Seven years ago, when I voted Labour for the first time, I truly believed that Gordon Brown and Tony Blair stood for the same things I did. The UK economy was being managed to reap the benefits of the thriving capitalist society that I lived in, while the fruits of this prosperity were being redistributed to help the poorest members of our communities out of poverty and back on to their feet. That was the theory, anyway.
During the early years of New Labour, Brown was portrayed as the iron socialist Chancellor, while Blair was the more progressive centrist Prime Minister. And when Blair finally left office last summer, my biggest fear was that the Labour Party would take a dangerous lurch to the left, as Brown finally lost his counterbalance.
What really happened, however, has been truly extraordinary – Brown lurched off to the right. Although it's now been more than a month since the rebellion against the scrapping of the 10p rate of income tax began to gather pace, its ramifications are still being felt, both in the Labour Party and in people's pockets. And, as a Labour supporter, I'm still aghast that any Labour Chancellor – let alone one who professes to come from a socialist background – could do what Brown and his policy wonks did.
To increase the tax bills of five million of Britain's poorest citizens was bad enough. But to put the money into the pockets of the middle classes was truly perverse – a complete reversal of the values that I believed New Labour stood for.
Before Alistair Darling announced his package of measures to undo this catastrophic piece of policy this week, most single people earning between about £5,500 and £12,000 a year had seen their tax bills increase (some had even doubled) between March and April. Meanwhile, those living comfortably on about £30,000 had found themselves paying about £25 less in tax each month.
When the Government finally caved in to pressure to reverse these changes, I breathed a sigh of relief. While it was embarrassing, how could Brown ever win back the trust of Labour's core voters if he refused to back down on a policy that took from the poor and gave to the rich?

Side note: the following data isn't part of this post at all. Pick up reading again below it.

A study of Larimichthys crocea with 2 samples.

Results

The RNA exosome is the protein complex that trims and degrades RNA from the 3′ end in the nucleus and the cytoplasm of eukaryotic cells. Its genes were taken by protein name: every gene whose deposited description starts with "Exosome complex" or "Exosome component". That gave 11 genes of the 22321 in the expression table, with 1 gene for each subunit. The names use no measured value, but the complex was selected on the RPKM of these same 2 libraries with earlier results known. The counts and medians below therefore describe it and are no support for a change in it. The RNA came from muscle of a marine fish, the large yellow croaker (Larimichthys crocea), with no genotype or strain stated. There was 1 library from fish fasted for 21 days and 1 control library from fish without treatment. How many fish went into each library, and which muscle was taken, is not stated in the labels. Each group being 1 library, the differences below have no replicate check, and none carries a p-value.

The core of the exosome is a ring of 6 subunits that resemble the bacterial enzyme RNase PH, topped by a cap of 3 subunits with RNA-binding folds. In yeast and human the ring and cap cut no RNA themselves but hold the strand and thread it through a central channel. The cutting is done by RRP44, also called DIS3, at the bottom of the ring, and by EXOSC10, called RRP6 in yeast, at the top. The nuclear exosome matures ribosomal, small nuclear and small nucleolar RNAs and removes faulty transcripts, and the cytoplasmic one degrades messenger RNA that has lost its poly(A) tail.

But what came in its place this week was not good enough. By simply raising the minimum threshold at which everyone in the country pays tax, the Government did indeed succeed in helping some of those it had hurt. But it still left about one million of its poorest citizens paying more tax than they had done in March, while putting yet another £120 a year into the pockets of the middle classes.
This was hardly the Robin Hood manoeuvre we'd all been hoping for – the Sheriff of Nottingham's mark was still all over it.
While Darling also tacked on a bunch of additional measures to try to buy a few extra votes in the forthcoming Crewe and Nantwich by-election, many of these played to the middle classes as well. More help for first-time buyers, for example, might sound like a cuddly old Labour policy, but house prices are now so inflated that even with Government help, you need to be earning a good salary to think about getting your foot on the property ladder. Enhancing protection for depositors in banks – another new policy – is also hardly going to help those with no savings.
Although I'm sad to say it, I'm not sure I would have been able to vote for the party I love if I had the chance to do so in Crewe on Thursday. Brown has got much more work to do if he's going to convince me that they have not abandoned the principles I voted for.